A conformal map between two regions in the plane preserves angles [1]. If two curves meet at a given angle in the domain, their images will meet at the same angle in the range. Two subsets of the plane are conformally equivalent if there is a conformal map between them.

The **Riemann mapping theorem** says that any simply connected proper open set in the plane is conformally equivalent to the interior of the unit disk. Simply connected means that the set has no holes [2]. Proper means that the set is not the entire plane [3].

Two regions that are conformally equivalent to the disk are conformally equivalent to each other. That means if you have a set like a Mickey Mouse silhouette

and another set like the Batman logo

then there’s a conformal map between them. If you specify a point in the domain and where it goes in the range, and you specify its derivative at that point, then the conformal map is unique.

Now this only applies to open sets, so the boundary of the figures is not included. The boundaries of the figures above clearly have different angles, so it wouldn’t be possible to extend the conformal map to the boundaries. But move in from the boundary by any positive distance and the map will be conformal.

Conformal maps are useful transformations in applications because they’re very nice functions to work with. In theory, you could write out a function that maps Mickey Mouse to Batman and one that goes the other way around. These functions would be difficult if not impossible to write down analytically, but there is software to find conformal maps numerically. For simple geometric shapes there are reference books that give exact conformal maps.

## What about holes?

The Riemann mapping theorem applies to regions with no holes. What if we take two regions that do have a hole in them? To keep things simple, we will look at two annular regions, that is, the region between two circles. Let *A*_{i} be the region between two circles centered at the origin, with inner radius *r*_{i} and outer radius *R*_{i} for *i* = 1, 2. Are these regions conformally equivalent?

Clearly they are if *R*_{1}/*r*_{1} = *R*_{2}/*r*_{2}, i.e. if one annulus is a magnification of the other. In that case the conformal map is given by mapping *z* to (*r*_{2}/*r*_{1}) *z*.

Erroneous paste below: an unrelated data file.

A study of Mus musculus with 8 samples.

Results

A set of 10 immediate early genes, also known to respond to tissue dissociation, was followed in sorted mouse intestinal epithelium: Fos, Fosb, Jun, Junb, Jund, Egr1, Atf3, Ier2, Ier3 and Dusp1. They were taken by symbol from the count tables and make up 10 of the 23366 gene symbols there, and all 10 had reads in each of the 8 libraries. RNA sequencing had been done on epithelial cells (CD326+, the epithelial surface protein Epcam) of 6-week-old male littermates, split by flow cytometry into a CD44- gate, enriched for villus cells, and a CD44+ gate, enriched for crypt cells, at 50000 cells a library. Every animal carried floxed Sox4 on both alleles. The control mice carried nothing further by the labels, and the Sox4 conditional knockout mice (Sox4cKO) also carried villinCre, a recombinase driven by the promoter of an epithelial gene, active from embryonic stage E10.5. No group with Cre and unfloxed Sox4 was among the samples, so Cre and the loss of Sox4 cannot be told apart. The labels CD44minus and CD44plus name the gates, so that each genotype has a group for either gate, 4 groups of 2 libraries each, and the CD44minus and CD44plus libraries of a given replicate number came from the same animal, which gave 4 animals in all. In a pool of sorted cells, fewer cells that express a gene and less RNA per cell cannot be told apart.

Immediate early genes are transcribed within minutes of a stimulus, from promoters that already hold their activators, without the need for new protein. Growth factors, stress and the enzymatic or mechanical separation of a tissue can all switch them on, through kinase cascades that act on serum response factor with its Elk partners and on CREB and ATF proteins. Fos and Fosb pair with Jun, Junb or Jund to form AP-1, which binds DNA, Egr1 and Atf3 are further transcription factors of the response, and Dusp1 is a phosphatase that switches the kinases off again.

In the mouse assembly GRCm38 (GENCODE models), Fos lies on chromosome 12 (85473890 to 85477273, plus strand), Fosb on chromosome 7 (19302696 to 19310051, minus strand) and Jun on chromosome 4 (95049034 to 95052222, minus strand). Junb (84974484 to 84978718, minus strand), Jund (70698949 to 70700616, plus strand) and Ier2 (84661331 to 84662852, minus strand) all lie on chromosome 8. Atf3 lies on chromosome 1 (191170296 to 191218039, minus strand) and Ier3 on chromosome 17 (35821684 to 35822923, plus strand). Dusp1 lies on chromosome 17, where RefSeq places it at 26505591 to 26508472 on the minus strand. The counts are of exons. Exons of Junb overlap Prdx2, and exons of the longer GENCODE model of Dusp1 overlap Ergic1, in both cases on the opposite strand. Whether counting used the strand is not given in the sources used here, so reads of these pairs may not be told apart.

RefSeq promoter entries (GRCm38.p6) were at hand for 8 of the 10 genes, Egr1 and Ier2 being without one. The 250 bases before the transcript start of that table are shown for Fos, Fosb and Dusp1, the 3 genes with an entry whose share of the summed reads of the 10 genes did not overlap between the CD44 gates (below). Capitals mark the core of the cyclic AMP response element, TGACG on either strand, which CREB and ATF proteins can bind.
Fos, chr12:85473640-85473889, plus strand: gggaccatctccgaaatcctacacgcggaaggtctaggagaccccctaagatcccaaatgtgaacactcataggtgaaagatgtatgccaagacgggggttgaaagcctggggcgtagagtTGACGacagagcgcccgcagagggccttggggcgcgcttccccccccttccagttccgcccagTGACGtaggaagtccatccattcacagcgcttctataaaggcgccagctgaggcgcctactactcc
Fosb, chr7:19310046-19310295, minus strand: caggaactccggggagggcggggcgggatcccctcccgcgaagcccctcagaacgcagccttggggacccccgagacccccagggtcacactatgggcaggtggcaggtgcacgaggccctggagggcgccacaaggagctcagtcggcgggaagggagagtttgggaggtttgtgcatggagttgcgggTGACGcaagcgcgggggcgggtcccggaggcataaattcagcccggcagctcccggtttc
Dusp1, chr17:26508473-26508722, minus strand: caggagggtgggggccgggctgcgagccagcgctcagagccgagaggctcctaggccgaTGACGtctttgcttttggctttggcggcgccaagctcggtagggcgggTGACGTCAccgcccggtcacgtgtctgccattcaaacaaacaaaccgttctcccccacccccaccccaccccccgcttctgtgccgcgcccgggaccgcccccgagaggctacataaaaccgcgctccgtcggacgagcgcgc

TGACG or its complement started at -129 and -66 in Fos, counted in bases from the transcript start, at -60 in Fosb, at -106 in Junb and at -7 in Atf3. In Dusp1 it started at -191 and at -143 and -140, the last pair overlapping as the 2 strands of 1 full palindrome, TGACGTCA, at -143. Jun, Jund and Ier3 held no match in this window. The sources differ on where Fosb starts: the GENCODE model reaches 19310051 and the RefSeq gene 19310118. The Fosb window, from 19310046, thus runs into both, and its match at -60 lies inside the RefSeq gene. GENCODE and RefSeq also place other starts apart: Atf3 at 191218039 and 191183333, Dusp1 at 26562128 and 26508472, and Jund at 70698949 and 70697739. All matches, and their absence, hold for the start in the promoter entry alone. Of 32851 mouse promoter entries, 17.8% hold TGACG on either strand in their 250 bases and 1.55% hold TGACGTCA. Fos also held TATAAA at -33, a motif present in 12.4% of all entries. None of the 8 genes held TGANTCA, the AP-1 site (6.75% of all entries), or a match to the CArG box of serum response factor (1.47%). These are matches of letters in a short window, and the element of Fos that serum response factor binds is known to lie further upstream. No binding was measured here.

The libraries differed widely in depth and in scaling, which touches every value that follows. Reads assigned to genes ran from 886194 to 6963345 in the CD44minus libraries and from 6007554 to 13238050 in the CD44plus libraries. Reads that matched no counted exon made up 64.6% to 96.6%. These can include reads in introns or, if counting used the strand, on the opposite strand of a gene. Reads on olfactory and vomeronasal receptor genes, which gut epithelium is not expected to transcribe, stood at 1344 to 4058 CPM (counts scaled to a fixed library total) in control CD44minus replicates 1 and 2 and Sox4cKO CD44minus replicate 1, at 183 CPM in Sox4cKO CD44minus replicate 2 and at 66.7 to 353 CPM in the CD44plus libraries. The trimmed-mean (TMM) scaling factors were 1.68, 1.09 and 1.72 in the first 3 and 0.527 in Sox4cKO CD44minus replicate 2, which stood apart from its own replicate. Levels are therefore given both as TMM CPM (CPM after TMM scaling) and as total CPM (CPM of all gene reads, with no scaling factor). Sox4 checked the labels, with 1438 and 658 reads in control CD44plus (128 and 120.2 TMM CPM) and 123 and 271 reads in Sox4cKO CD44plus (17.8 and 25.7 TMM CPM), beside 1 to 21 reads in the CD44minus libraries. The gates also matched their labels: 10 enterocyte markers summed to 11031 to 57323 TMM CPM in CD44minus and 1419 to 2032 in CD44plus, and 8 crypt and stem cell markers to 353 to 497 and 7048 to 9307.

Here’s a big surprise: this is the only way the two annuli can be conformally equivalent! That is, if *R*_{1}/*r*_{1} does not equal *R*_{2}/*r*_{2} then there is no conformal map between the two regions.

So suppose you have to rings, both with inner radius 1. One has outer radius 2 and the other has outer radius 3. Then these rings are not conformally equivalent. They look a lot more like each other than do Mickey Mouse and Batman, but the latter are conformally equivalent and the former are not.

Almost any two regions without holes are conformally equivalent, but it’s much harder for two regions with holes to be conformally equivalent.

## Related posts

[1] Conformal maps also preserve orientation. So if you move clockwise from the first curve to the second in the domain, you move clockwise from the image of the first to the image of the second by the same angle.

A function of a complex variable is conformal if and only if it is *holomorphic*, i.e. analytic on the interior of its domain, with non-zero derivative. Some authors leave out the orientation preserving part of the definition; under their weaker definition a conformal map could also be the conjugate of a holomophic function.

[2] A rigorous way to say that a region has no holes is to say its fundamental group is trivial. Any loop inside the set is homotopic to a point, i.e. you can continuously shrink it to a point without leaving the set.

[3] Liouville’s theorem says an analytic function that is bounded on the entire plane must be constant. That’s why the Riemann mapping theorem says a region must be a proper subset of the plane, not the whole plane.